Martin Epstein's "The Man Who Killed the Buddha" is a simple theatrical fable, nestled deceptively in a complex web of metaphysics. The metaphysics may befuddle you, as metaphysics is sometimes wont to do. But there's no denying that this tale of a Japanese eager beaver named Kenji, who spends 19 years of his life in cheerful servitude, polishing an invisible statue of Buddha, is enacted with playful charm at the Round House Theatre.

Indeed, in a theater season that so far has been relatively short on gratifications, the recent rehabilitation of the Round House is a blessing. "The Man Who Killed the Buddha" bears about as much resemblance to the season's opener, Sam Shepard's fierce "Fool for Love," as Japanese pen-and-ink drawings do to Jackson Pollock's action paintings. But the Silver Spring company has no difficulty changing spots -- or styles. Under the artistic leadership of Jerry Whiddon, who has directed "Buddha" with once-upon-a-time directness, it again seems bursting with promise and talent.

The directness is the trick. Epstein may be saying that we are incapable of penetrating the divine mysteries, that we create our own gods and then betray them while the true deity looks on and laughs, albeit good-naturedly, at our spiritual fumblings. Kenji (Mark Jaster) is certainly no wiser for his years of apprenticeship at the 1,000-year-old Doji Shrine than he is when he first arrives, a willing young peasant thirsting for enlightenment. But Whiddon and his cast aren't going for the conundrums. They're out to tell a sometimes comical, sometimes bizarre story about the exploitation of a sweet innocent in quest of sainthood. The conundrums will take care of themselves in due time.

You might even describe "Buddha" as an oriental Punch and Judy show. The action, which unfolds on a bare Kabuki stage with a musician off to one side providing accompaniment on a synthesizer, is merely a succession of encounters -- each one testing Kenji's resolve. It's not enough that he has to convince himself he's polishing a statue when he's really just dusting space. He's got to cope with the master of the shrine (Richard DeAngelis), forever tipsy on plum wine; the crass school chum (Steven LeBlanc), who married his childhood sweetheart and wants to gloat about it; a swaggering houseboy (Daniel Yates), who dreams of lusty adventures in the wide world; and even that sweetheart (Kathy Yarman), who returns, a pliant widow this time, determined to lure Kenji into matrimony.

All of them question his faith; at the same time they kick him around rather like an old sandbag. Then, just when Kenji has had enough, the great divinity himself (Jim Wilder) appears in all his massive folds of flesh. But he turns out to be the final enigma, as resistant to explanation as he is to Kenji's bow and arrow. Has Kenji's life been merely "joke after joke after joke"? Or is there in Buddha's twinkling smile the promise of meaning? Here we are suddenly pondering man's relationship to his god.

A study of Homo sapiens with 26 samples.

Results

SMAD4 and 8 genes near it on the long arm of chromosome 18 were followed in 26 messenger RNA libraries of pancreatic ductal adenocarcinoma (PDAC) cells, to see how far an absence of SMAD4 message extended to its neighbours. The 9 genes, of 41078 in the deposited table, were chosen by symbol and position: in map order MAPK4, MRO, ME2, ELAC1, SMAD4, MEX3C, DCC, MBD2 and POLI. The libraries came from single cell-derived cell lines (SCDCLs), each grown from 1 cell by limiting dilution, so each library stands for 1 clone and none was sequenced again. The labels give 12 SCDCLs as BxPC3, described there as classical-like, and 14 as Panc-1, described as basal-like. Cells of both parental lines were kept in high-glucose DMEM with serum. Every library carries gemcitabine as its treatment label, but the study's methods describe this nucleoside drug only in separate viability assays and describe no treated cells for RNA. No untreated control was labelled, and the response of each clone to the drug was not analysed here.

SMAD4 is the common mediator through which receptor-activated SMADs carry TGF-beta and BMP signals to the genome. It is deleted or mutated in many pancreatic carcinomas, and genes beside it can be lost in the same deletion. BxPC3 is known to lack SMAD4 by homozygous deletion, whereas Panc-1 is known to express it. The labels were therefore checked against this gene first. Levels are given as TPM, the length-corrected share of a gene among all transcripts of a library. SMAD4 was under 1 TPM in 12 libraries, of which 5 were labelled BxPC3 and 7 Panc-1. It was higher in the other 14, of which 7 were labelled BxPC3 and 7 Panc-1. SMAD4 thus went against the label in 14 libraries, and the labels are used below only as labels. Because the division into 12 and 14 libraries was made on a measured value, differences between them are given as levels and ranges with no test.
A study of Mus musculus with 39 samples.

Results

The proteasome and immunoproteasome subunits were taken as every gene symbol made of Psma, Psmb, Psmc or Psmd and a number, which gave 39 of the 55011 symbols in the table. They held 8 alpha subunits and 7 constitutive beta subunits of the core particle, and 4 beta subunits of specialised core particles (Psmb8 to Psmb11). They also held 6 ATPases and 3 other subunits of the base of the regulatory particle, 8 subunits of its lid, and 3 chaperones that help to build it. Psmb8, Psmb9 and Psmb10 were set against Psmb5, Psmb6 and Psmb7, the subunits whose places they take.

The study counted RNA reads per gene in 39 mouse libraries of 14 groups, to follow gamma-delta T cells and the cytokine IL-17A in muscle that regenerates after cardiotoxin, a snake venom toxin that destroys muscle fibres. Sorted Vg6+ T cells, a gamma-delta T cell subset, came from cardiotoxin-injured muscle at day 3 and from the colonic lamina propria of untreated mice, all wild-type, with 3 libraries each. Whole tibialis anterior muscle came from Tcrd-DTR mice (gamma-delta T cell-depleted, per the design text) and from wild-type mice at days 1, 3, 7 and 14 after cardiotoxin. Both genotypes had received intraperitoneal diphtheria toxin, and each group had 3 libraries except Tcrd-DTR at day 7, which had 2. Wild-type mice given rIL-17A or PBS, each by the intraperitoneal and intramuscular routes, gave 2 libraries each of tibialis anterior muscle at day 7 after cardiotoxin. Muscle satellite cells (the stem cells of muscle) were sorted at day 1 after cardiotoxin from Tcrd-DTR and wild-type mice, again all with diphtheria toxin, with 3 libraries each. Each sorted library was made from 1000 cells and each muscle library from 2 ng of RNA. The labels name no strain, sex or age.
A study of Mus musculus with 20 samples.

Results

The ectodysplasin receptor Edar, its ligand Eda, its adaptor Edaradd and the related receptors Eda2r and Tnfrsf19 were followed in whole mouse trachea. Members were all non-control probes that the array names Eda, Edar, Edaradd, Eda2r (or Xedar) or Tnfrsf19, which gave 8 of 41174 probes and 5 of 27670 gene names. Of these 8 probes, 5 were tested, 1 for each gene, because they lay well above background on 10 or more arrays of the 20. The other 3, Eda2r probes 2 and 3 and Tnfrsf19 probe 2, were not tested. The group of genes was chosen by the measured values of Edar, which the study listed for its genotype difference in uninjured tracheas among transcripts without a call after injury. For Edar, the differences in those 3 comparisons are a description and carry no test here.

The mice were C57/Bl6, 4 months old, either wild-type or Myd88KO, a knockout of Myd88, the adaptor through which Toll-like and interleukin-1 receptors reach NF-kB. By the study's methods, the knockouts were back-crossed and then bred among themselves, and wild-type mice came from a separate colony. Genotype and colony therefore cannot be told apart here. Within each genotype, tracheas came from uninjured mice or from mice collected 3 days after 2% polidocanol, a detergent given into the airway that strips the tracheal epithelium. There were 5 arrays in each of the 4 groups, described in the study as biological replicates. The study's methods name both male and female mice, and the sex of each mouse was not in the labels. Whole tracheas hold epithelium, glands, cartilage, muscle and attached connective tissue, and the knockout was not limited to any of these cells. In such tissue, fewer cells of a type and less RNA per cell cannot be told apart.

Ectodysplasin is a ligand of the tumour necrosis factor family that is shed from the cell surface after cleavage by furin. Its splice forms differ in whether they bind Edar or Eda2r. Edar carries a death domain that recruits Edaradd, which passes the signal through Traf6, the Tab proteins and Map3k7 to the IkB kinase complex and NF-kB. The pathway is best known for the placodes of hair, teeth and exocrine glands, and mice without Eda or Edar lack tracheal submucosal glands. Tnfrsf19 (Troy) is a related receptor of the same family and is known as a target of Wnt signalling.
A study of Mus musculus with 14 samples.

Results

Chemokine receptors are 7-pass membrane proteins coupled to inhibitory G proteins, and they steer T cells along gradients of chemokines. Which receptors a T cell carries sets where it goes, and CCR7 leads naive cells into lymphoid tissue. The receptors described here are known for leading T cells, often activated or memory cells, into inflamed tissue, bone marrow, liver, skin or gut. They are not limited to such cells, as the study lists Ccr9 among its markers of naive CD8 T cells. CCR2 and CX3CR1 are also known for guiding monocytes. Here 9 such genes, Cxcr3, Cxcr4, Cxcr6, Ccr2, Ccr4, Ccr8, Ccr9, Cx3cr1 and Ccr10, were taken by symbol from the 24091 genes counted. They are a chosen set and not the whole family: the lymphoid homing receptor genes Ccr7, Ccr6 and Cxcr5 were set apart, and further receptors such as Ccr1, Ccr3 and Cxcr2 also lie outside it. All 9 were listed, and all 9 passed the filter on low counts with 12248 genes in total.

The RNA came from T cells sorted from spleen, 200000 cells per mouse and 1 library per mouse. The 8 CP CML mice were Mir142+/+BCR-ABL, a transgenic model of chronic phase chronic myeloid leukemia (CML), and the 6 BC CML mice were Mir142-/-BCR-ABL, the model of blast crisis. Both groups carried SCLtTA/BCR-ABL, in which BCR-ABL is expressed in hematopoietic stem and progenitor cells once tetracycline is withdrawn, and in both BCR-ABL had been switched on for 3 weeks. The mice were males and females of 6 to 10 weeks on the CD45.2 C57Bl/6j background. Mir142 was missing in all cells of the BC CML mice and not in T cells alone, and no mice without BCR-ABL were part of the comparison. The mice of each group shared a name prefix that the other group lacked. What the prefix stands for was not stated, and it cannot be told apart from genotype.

The Round House crew has us just where they want us -- in a philosophical corner. And yet this production is so disarmingly open, so frisky, so unpretentious that you may wonder how you got there. Is it possible that metaphysics can be fun? Jaster, who combines the sad befuddlement of the clown with the joyful dexterity of the acrobat, sets the prevailing tone. He makes an inherently likable patsy, touching in his resilience, gallant in defeat. Yates' enactment of the adventures he's really too frightened to undertake is a grand illustration of macho posturing. All of the performances, in fact, seem born of child's play -- something not always within the grasp of adults. Clearly, Whiddon's artistic leadership has made a difference in a company that last season was violently erratic.

The same sense of selectivity that governs the acting characterizes Richard H. Young's set, a lean stage-within-the-stage; Jane Williams' lighting, an artful blend of white and shadow; and Ric Thomas Rice's unassuming, but telling costumes. "The Man Who Killed the Buddha" even finds a place for a collection of garish puppets, wittily designed by Lynnie Raybuck. They function as a busload of American tourists, come to gape and gawk at the unwitting saint who's spent a lifetime polishing the void. "What does he hope to accomplish?" barks one.

That's the puzzler, all right, in this quirky, original play. "The Man Who Killed the Buddha," which runs through Dec. 22, will tease your brain cells. But first, it will tickle your fancy. The order is significant. What you don't know about philosophy won't dampen your enjoyment one bit.

The Man Who Killed the Buddha. By Martin Epstein. Directed by Jerry Whiddon. Set, Richard H. Young; lighting, Jane Williams; costumes, Ric Thomas Rice; puppets, Lynnie Raybuck. With Mark Jaster, Richard DeAngelis, Steven LeBlanc, Daniel Yates, Kathy Yarman, Jim Wilder, Chris Patton. At the Round House Theatre through Dec. 22.